Difference between revisions of "Blogging"
(New page: '''A blog''' (a contraction of the term "Web log") is a Web site, usually maintained by an individual with regular entries of commentary, descriptions of events, or other material such as ...)
Revision as of 14:10, 23 December 2008
A blog (a contraction of the term "Web log") is a Web site, usually maintained by an individual with regular entries of commentary, descriptions of events, or other material such as graphics or video. Entries are commonly displayed in reverse-chronological order. "Blog" can also be used as a verb, meaning to maintain or add content to a blog.
Many blogs provide commentary or news on a particular subject; others function as more personal online diaries. A typical blog combines text, images, and links to other blogs, Web pages, and other media related to its topic.
The ability for readers to leave comments in an interactive format is an important part of many blogs. Most blogs are primarily textual, although some focus on art (artlog), photographs (photoblog), sketches (sketchblog), videos (vlog), music (MP3 blog), audio (podcasting), which are part of a wider network of social media.
Micro-blogging is another type of blogging, one which consists of blogs with very short posts. As of December 2007, blog search engine Technorati was tracking more than 112 million blogs. With the advent of video blogging, the word blog has taken on an even looser meaning — that of any bit of media wherein the subject expresses his opinion or simply talks about something.
There are many different types of blogs, differing not only in the type of content, but also in the way that content is delivered or written.
Personal Blogs The personal blog, an ongoing diary or commentary by an individual, is the traditional, most common blog. Personal bloggers usually take pride in their blog posts, even if their blog is never read by anyone but them. Blogs often become more than a way to just communicate; they become a way to reflect on life or works of art. Blogging can have a sentimental quality. Few personal blogs rise to fame and the mainstream, but some personal blogs quickly garner an extensive following. A type of personal blog is referred to as "microblogging," which is extremely detailed blogging as it seeks to capture a moment in time. Sites, such as Twitter, allow bloggers to share thoughts and feelings instantaneously with friends and family and is much faster than e-mailing or writing. This form of social media lends to an online generation already too busy to keep in touch.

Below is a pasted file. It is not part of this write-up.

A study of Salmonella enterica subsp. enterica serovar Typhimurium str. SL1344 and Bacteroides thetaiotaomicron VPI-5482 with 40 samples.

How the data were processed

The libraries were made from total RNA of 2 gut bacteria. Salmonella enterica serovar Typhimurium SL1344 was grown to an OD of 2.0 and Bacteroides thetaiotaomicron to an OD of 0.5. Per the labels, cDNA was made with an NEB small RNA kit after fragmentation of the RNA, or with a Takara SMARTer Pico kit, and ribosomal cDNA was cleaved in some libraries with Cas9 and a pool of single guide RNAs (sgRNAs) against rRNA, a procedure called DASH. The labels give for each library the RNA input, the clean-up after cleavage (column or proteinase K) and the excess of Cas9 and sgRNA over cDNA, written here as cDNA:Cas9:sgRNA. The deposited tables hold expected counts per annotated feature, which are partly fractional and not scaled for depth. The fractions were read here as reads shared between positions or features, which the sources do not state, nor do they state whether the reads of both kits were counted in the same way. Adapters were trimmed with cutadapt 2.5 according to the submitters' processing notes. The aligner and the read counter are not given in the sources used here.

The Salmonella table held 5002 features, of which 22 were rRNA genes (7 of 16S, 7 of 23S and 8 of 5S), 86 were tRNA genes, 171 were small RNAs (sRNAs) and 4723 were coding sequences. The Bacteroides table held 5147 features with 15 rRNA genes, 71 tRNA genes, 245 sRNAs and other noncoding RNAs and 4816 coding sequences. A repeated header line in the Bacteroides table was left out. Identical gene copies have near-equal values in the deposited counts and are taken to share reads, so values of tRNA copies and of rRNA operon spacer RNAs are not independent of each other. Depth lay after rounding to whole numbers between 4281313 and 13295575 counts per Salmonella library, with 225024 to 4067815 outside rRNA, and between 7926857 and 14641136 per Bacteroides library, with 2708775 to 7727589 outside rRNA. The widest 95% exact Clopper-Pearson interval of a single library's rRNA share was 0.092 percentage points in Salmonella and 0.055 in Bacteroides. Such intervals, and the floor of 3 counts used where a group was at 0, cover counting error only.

Corporate Blogs A blog can be private, as in most cases, or it can be for business purposes. Blogs, either used internally to enhance the communication and culture in a corporation or externally for marketing, branding or public relations purposes are called corporate blogs.
Question Blogging Is a type of blog that answers questions. Questions can be submitted in the form of a submittal form, or through email or other means such as telephone or VOIP. Qlogs can be used to display shownotes from podcasts or the means of conveying information through the internet. Many question logs use syndication such as RSS as a means of conveying answers to questions.
By Media Type
A blog comprising videos is called a vlog, one comprising links is called a linklog, a site containing a portfolio of sketches is called a sketchblog or one comprising photos is called a photoblog. Blogs with shorter posts and mixed media types are called tumblelogs. A rare type of blog hosted on the Gopher Protocol is known as a Phlog.
Blogs can also be defined by which type of device is used to compose it. A blog written by a mobile device like a mobile phone or PDA could be called a moblog. One early blog was Wearable Wireless Webcam, an online shared diary of a person's personal life combining text, video, and pictures transmitted live from a wearable computer and EyeTap device to a web site. This practice of semi-automated blogging with live video together with text was referred to as sousveillance. Such journals have been used as evidence in legal matters.
Some blogs focus on a particular subject, such as political blogs, travel blogs, house blogs,  fashion blogs, project blogs, education blogs, niche blogs, classical music blogs, quizzing blogs and legal blogs (often referred to as a blawgs) or dreamlogs. While not a legitimate type of blog, one used for the sole purpose of spamming is known as a Splog.